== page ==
How to Stay Hydrated When You Run in the Heat

© Warrengoldswain | Dreamstime.com

© Warrengoldswain | Dreamstime.com

More than 60 percent of the human body is water, which can make staying hydrated while running an exhausting challenge. Everyone intakes and expels water differently so there is no magic formula to stay out of the danger zone.


However, hydrating early and often and monitoring urine color tend to be the biggest keys to a successful run.

Start by monitoring your urine color, especially right before a long training run. A light, lemonade yellow is what you ought to be aiming to see before a run. It may take time before you can comfortably intake water regularly to be prepared for a long run.

(MORE: 13 Tips For Training For Your First Half Marathon)

During the training phase, stay hydrated throughout the day by carrying a water bottle wherever you go. The last thing you want to be doing is chugging water right before a run.

By maintaining water levels throughout the day, you will feel comfortable when it comes time to run no matter what time of the day. Keep a bottle on your desk and in the car so there is never an excuse to substitute a soda if you get thirsty on the go.

Staying hydrated: Just enough, not too much

Once you have mastered the art of hydrating before the run, it is time to figure out how the stay hydrated during the run. Weather conditions, how efficiently you sweat, and the intensity of your run contribute to how much water you require.

Use the urine test after (or during) your run to determine your hydration needs.

Short runs of 30 minutes or less in cool conditions may need just an extra glass or two post-run. Longer runs of over an hour in hot weather will require hydrating during the run.

There are many options for consuming water during the run, but it is important to keep race day conditions in mind when training. Research the water stations on the course map if you are not planning on carrying your own water on race day.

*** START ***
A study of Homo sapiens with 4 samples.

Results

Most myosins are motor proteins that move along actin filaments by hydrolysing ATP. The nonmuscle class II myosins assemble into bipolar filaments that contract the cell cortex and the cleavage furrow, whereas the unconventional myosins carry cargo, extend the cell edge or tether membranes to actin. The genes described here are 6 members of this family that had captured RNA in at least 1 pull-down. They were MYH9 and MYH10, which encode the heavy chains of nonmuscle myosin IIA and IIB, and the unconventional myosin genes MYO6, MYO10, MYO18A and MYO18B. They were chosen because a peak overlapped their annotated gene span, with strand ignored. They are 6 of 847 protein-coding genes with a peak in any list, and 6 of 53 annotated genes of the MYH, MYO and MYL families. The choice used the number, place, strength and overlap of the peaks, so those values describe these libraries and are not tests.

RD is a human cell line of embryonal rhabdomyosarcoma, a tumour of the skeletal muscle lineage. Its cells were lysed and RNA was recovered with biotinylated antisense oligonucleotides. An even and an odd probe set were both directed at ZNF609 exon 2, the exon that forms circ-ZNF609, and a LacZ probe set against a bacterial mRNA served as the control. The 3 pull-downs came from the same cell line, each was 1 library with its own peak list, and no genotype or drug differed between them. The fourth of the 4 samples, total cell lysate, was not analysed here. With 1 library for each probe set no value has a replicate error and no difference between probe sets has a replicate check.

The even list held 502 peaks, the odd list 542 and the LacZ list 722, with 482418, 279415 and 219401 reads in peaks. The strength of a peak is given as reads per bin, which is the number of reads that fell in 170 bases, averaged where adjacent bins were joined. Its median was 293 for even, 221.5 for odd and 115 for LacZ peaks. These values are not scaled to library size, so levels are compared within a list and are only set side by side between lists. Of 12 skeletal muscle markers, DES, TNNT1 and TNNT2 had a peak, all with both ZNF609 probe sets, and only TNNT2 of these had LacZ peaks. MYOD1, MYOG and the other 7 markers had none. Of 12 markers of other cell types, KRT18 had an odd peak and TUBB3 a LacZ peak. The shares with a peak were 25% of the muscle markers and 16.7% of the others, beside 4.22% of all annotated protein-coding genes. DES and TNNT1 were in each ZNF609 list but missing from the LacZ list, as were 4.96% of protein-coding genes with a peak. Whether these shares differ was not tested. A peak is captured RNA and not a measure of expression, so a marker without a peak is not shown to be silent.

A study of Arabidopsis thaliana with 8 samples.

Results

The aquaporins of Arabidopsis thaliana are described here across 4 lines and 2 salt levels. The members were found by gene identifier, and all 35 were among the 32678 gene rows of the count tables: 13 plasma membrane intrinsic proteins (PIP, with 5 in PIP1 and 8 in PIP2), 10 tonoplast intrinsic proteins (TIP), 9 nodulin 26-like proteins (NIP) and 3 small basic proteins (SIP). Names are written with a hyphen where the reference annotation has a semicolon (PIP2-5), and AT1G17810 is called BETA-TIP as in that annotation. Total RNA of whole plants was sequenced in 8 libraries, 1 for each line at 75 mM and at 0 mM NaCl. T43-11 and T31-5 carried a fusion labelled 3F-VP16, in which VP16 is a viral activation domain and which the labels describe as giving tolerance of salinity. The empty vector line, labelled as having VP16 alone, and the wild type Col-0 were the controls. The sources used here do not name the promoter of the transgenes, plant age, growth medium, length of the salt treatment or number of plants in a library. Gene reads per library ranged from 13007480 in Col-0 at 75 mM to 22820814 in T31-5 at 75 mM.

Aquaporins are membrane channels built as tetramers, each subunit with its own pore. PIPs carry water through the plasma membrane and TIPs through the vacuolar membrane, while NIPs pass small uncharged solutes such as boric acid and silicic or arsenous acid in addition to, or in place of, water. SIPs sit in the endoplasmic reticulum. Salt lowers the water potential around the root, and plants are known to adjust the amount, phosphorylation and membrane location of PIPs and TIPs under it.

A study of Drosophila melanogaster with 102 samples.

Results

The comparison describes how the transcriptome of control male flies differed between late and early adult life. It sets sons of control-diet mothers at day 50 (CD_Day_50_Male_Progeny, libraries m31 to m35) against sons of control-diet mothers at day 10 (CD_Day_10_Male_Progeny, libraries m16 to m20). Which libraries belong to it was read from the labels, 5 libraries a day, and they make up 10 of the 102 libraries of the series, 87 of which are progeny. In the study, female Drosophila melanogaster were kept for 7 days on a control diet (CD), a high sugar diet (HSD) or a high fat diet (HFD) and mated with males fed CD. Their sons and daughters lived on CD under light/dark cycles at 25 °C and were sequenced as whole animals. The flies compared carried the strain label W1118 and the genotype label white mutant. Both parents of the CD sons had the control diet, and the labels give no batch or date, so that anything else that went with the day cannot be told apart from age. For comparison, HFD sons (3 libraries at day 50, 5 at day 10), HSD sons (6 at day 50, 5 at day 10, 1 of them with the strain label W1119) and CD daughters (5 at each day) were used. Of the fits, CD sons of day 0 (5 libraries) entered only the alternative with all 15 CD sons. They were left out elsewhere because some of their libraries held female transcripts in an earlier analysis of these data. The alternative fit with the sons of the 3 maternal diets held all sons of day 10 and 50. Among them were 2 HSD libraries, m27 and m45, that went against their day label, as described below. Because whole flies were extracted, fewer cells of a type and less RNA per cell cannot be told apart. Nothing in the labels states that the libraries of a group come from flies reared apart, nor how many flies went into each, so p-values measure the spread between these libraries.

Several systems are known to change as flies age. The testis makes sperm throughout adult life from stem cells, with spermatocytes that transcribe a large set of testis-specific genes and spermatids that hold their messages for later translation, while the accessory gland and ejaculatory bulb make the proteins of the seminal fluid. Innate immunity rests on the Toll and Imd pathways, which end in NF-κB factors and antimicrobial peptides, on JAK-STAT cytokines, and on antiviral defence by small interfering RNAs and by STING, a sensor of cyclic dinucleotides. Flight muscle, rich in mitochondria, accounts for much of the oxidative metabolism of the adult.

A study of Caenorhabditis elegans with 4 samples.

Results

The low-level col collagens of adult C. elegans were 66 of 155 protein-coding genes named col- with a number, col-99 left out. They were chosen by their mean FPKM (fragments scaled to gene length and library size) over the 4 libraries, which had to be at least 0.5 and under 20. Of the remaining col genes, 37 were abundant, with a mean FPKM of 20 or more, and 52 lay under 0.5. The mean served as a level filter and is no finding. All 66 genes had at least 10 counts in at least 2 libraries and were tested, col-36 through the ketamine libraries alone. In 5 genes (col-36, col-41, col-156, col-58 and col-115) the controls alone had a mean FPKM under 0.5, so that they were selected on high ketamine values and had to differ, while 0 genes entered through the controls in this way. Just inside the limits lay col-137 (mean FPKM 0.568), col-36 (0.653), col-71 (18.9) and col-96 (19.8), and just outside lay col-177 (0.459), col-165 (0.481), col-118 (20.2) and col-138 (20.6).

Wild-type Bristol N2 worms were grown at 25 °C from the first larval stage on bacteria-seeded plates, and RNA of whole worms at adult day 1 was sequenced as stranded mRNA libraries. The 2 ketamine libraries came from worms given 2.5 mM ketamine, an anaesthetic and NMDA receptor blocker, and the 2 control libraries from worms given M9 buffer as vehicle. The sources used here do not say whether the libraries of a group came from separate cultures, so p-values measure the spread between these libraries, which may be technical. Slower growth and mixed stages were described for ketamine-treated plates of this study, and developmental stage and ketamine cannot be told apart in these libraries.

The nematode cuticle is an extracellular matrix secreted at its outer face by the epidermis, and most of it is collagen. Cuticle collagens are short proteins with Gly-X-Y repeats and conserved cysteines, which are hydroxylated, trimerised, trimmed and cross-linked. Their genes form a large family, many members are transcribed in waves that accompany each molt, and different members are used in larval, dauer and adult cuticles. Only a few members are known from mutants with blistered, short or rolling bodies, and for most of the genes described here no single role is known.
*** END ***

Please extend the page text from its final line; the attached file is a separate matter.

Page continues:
On the last few training runs, drop a few bottles of water along your route at the same mile markers as the race. If you do plan to use a handheld bottle or a fuel belt during the race, practice, practice, practice!

Utilizing sports drinks is a personal decision. Some runners find an extra edge in the extra calories and electrolytes, while others eschew anything other than water during the race.

Steve Miazgowicz, a four-time half marathoner from Lambertville, Mich., says, “I like a cup of Gatorade every 4 to 5 miles. It is what I use on my long runs during training and I like to stay consistent at a race.”

Water or sports drinks?

Other runners only drink water on race day and save the sports drinks for recovery. Steve, from Huntington, West Virginia, finished his first half marathon earlier this year. He used Gatorade to recover both after his training runs and the race, but drank only water while running.

When race day comes, remember to take the weather and your previous training runs into account.

Slow down at the water stations to ensure you intake an adequate amount of water. Cup sizes and pours vary widely so you may need more than one cup to stay hydrated.

If it is particularly hot, pour the cup of water over your head and neck to keep your body temperature lower. Do not forget to make sure some goes into your mouth as well!

Finally, respect the signs of heat-related illnesses and dehydration. Extreme fatigue, dizziness, confusion, light-headed-ness, nausea, and muscle cramps are all signs that your body is too warm.

Take caution and respect your body’s capabilities. Better to cross the finish line with slower time than to not cross it at all.